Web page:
How your parents respond to you up to age 3 can be a predictor of your success in life.
A new longitudinal study from authors at the universities of Delaware, Minnesota and Illinois says "sensitive caregiving" plays a role decades later in a person's academic and career performance, as well as their romantic and social relationships.
Sensitive caregiving can have a variety of interpretations but it really seems to boil down to how you react when your child has needs and whether you react promptly. It involves being positive with your child and providing a secure base for your child to explore his or her environment.
The researchers looked at an earlier study that examined maternal sensitivity in the first 3 years of life and its association with social competence and academic skills through age 15. The new study wanted to go one step further and take it into adulthood, not stopping at adolescence.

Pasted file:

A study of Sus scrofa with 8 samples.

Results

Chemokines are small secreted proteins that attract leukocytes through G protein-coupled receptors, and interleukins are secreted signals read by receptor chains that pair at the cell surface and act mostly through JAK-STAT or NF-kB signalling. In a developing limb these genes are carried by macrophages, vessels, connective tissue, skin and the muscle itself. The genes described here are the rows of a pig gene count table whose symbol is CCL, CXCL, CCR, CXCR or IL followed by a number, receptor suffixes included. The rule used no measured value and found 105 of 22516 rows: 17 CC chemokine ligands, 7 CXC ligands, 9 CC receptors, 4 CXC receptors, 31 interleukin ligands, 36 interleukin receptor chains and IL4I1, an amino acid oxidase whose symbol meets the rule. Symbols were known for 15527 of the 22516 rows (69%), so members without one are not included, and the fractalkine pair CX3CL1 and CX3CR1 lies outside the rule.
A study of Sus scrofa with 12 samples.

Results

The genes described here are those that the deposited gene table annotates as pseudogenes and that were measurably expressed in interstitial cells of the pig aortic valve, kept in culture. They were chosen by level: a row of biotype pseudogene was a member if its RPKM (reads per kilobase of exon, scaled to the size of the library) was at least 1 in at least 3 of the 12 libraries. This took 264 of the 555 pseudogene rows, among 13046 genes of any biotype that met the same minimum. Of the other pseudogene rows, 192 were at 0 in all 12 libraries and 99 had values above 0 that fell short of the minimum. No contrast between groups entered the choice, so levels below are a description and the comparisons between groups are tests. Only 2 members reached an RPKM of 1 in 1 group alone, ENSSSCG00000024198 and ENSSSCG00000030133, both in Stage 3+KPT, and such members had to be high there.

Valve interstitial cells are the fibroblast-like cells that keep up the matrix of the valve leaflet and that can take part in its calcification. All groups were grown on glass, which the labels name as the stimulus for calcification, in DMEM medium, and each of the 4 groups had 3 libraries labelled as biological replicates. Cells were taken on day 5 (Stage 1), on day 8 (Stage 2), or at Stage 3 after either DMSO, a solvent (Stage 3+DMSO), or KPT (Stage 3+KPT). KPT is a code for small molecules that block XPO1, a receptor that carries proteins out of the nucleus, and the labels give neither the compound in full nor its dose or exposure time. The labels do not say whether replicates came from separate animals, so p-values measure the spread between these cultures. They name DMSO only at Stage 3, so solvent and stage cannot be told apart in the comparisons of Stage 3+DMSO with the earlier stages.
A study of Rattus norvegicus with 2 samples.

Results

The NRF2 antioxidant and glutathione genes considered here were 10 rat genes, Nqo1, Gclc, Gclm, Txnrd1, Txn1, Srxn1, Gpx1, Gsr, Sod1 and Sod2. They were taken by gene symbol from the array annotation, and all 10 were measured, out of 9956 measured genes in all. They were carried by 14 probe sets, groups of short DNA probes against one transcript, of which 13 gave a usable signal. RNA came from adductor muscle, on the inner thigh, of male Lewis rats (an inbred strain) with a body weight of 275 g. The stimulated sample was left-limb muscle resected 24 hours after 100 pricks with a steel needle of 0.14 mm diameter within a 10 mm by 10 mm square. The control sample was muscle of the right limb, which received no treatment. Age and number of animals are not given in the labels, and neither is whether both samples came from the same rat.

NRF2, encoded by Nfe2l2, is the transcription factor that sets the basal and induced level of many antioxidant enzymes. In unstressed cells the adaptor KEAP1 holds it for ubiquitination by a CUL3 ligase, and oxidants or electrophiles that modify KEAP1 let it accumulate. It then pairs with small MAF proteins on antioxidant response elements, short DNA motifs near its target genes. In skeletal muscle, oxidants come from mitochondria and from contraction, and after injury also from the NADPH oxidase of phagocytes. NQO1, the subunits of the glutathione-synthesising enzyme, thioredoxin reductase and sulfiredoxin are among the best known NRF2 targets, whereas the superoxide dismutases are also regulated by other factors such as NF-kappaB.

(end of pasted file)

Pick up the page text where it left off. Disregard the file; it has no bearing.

Luckily for them there was an even earlier study called the The Minnesota Longitudinal Study that tracked children from just before birth to age 32. The researchers used information from 243 individuals who were born into poverty, and came from a range of racial/ethnic backgrounds. They collected a great deal of information about development that the authors were able to use.
Although families' economic resources were important predictors of children's development, these variables didn't fully account for the persistent and long-term influence of early caregiving experiences on individuals' academic success.
The new study's authors say that after collating all the date, they have determined that our first three years are key to what the future holds for us in terms of relationships and career performance.